And that's not all: as of right now Khalil Greene, .221/.311/.398, shouldering a slump so bad it led him to the DL, officially has a higher OPS than the third base slot as a whole. It's been a rough year for a position that I was sure would be the key to the Cardinals' wheeling and dealing at this point in the season. I expected the wheeling and dealing to move in the opposite direction, but I guess in a very vague way I was right. 

That was a great win for everybody up to and including Wainwright, who had the kind of game that would be endlessly frustrating if it weren't camouflaged by a bona fide ten run sunday. Typically when you strikeout eight batters and don't walk anybody in six innings they aren't going to get enough baserunners to score five runs, but if it had to happen I'm glad it did while Gil Meche was having a terrible, horrible, no good, very bad day. 

Thirteenth pitcher update: Blake Hawksworth, my friend and yours, pitched one inning in a game that featured a seven run lead while the starter was still in. Dennys Reyes and Jason Motte, who are 1-2 in bullpen games, and Kyle McClellan, who leads the team in relief innings pitched, came in first.

If La Russa is not going to bring in the thirteenth pitcher, a lifelong starter who hadn't worked in a week and a half, to keep his three hardest-worked relievers from having to pitch in a game that the Cardinals had a 99% chance of winning at the moment the starter came out... you know, continuing to do these if-then illustrations has given me a unique insight into the psyche of Jeff Foxworthy. They're just too easy. 


Their aging rent-a-slugger can't say if or when he'll play this season; their mid-level acquisition, Oli Perez, looked completely out of it and has been shuttled between the DL and a rehab assignment with no concrete understanding of their injury; nothing has seemed to go right for them on either side of the baseball, and yet they are still just out of the division lead. As if that weren't enough to make one suspicious, Fredbird and Mr. Met have never been seen in the same place at the same time. 

Dan: The Mets are obviously hurting, and like the Cardinals they've been filling the gaps at shortstop and first base/the outfield with an increased share of playing time for the reserves. How have Alex Cora, Gary Sheffield, Jeremy Reed et al handled the adjustment? How has Manuel managed them?

Eric: Cora and Sheffield have exceeded most expectations placed on them. Sheffield in particular has done an impressive job keeping this offense afloat while half the lineup is on the disabled list and the other half is hitting for little-to-no power. Cora is not Jose Reyes, but he has actually done a better job of getting on base than the man he is replacing, and he hasn't embarrassed himself in the field.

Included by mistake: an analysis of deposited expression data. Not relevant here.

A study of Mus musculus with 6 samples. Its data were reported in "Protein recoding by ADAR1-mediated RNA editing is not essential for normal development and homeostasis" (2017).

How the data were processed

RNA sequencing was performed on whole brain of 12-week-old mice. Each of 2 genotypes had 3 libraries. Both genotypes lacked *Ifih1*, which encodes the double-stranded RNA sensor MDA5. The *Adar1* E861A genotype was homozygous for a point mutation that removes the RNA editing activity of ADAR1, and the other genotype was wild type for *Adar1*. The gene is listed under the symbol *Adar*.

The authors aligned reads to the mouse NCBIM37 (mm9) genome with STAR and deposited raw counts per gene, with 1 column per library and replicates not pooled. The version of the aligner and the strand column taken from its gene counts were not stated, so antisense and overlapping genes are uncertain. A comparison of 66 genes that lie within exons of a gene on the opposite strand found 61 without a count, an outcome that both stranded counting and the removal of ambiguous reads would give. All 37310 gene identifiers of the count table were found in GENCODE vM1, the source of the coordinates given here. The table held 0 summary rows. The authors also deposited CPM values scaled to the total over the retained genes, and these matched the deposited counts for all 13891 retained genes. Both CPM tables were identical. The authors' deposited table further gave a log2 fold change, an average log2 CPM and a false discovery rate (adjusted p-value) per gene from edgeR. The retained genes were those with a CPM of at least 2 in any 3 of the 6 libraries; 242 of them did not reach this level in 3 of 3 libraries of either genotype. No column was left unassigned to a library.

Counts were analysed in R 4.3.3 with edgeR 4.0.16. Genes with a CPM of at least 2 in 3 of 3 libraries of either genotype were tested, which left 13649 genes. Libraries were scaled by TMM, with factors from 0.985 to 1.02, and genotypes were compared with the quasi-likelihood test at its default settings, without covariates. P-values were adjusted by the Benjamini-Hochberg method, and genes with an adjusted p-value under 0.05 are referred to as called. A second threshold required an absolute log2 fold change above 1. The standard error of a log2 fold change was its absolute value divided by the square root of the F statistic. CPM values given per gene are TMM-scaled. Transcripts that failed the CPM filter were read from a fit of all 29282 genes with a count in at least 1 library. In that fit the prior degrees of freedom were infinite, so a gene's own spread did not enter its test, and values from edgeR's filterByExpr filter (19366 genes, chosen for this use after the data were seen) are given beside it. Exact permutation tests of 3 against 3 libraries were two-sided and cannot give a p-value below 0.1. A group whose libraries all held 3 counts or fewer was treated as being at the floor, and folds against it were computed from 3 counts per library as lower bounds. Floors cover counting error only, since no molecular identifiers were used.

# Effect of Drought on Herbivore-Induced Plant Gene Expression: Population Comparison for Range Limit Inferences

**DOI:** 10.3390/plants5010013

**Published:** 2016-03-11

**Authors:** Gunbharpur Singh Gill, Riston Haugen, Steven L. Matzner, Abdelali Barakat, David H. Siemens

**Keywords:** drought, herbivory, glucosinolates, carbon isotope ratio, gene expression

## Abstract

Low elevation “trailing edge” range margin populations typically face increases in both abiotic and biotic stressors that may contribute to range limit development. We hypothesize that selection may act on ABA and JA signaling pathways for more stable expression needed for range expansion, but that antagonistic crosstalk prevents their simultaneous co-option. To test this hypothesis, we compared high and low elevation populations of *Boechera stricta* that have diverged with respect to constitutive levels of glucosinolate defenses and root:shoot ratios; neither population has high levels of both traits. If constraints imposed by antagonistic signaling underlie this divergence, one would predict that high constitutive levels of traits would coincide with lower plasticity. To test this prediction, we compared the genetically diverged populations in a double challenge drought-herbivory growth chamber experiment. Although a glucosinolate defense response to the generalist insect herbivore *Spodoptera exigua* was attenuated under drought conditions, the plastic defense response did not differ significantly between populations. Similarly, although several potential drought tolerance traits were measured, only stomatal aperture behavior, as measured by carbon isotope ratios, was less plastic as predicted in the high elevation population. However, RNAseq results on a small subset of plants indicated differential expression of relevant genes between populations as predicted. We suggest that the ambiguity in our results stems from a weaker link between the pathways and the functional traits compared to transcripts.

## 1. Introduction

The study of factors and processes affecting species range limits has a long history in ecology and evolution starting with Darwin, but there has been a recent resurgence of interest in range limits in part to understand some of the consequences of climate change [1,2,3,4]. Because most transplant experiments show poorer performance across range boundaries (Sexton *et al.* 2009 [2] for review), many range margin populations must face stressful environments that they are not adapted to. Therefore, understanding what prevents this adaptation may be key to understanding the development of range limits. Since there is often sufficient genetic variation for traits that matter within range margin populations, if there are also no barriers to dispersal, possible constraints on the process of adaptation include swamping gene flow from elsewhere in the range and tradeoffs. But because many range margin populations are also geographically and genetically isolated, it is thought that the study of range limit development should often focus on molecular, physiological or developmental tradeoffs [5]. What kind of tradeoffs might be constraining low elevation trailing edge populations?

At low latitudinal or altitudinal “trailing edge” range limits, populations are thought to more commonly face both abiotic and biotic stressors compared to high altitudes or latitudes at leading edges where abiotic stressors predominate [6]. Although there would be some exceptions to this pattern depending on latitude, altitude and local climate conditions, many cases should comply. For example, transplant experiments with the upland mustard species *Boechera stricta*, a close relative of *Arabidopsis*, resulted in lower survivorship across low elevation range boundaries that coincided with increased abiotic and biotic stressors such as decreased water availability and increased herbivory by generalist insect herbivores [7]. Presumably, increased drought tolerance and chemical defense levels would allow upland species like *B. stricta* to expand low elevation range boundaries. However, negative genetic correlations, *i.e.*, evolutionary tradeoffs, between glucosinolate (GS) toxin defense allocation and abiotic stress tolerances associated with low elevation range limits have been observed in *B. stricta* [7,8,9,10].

Manuel has done an adequate job managing the injuries, though his insistence on batting David Wright fifth for a while there was stupendously idiotic. Given what he has to work with his lineup construction and bench usage has been passably decent.

How did super-prospect Fernando Martinez look in his brief cup of coffee? 

Performance-wise, Fernando Martinez didn't look like a big leaguer in his 74 plate appearances with the Mets, though in his defense he wasn't quite ready for the Show and his time there was a matter of necessity given the Mets' laundry list of injuries that precipitated his callup. He didn't look nervous or uncomfortable, but his bat needs a little bit more time to prepare for MLB-caliber pitchers.

Pelfrey can't strike anybody out, Maine can't find the strike zone, and Oli Perez is in the witness protection program. Is there anything on the horizon to promise the Mets a more reliable #2 behind Santana than Livan Hernandez?

There's nobody in the organization ready to step in right away and be a #2 guy, though Jenrry Mejia and Brad Holt were both pitching remarkably well in High-A ball before recent promotions to Double-A Binghamton. Realistically, they won't be contributing to the big club until 2010 at the earliest.

Pelfrey, Maine and Perez could all be reasonable #3 starters, assuming the latter two can get healthy one of these days. Pelfrey's lack of strikeouts is a concern, but he's still figuring out how to pitch and have confidence in his breaking balls, and his sinker is good enough to make him an above-average starter even if the strikeouts don't come along.

How are Mets fans dealing with the organization's seemingly long-term affection for ex-AAA-backup Omir Santos?

It depends on whom you ask. Members of Amazin' Avenue tend not to be representative of Mets fans in general. Your average Met fan sees Santos's RBIs and clutch homeruns and annoints him the catcher of the future. Our community looks at his pathetic on-base skills and unsustainble line drive rate and can't believe Ramon Castro was given away for nothing (not to mention that Nationals' star catcher Jesus Flores was left unprotected by GM Omar Minaya in the Rule 5 draft a few years back).This is not to take anything away from Santos, who has been better than anyone could have hoped.

As for his long-term prospects, my trusty magic eight ball says: outlook not so good.

Thanks to Eric for suggesting the exchange—I spoke to him about the Cardinals, as well—and for braving the usual generalized out-of-towner questions.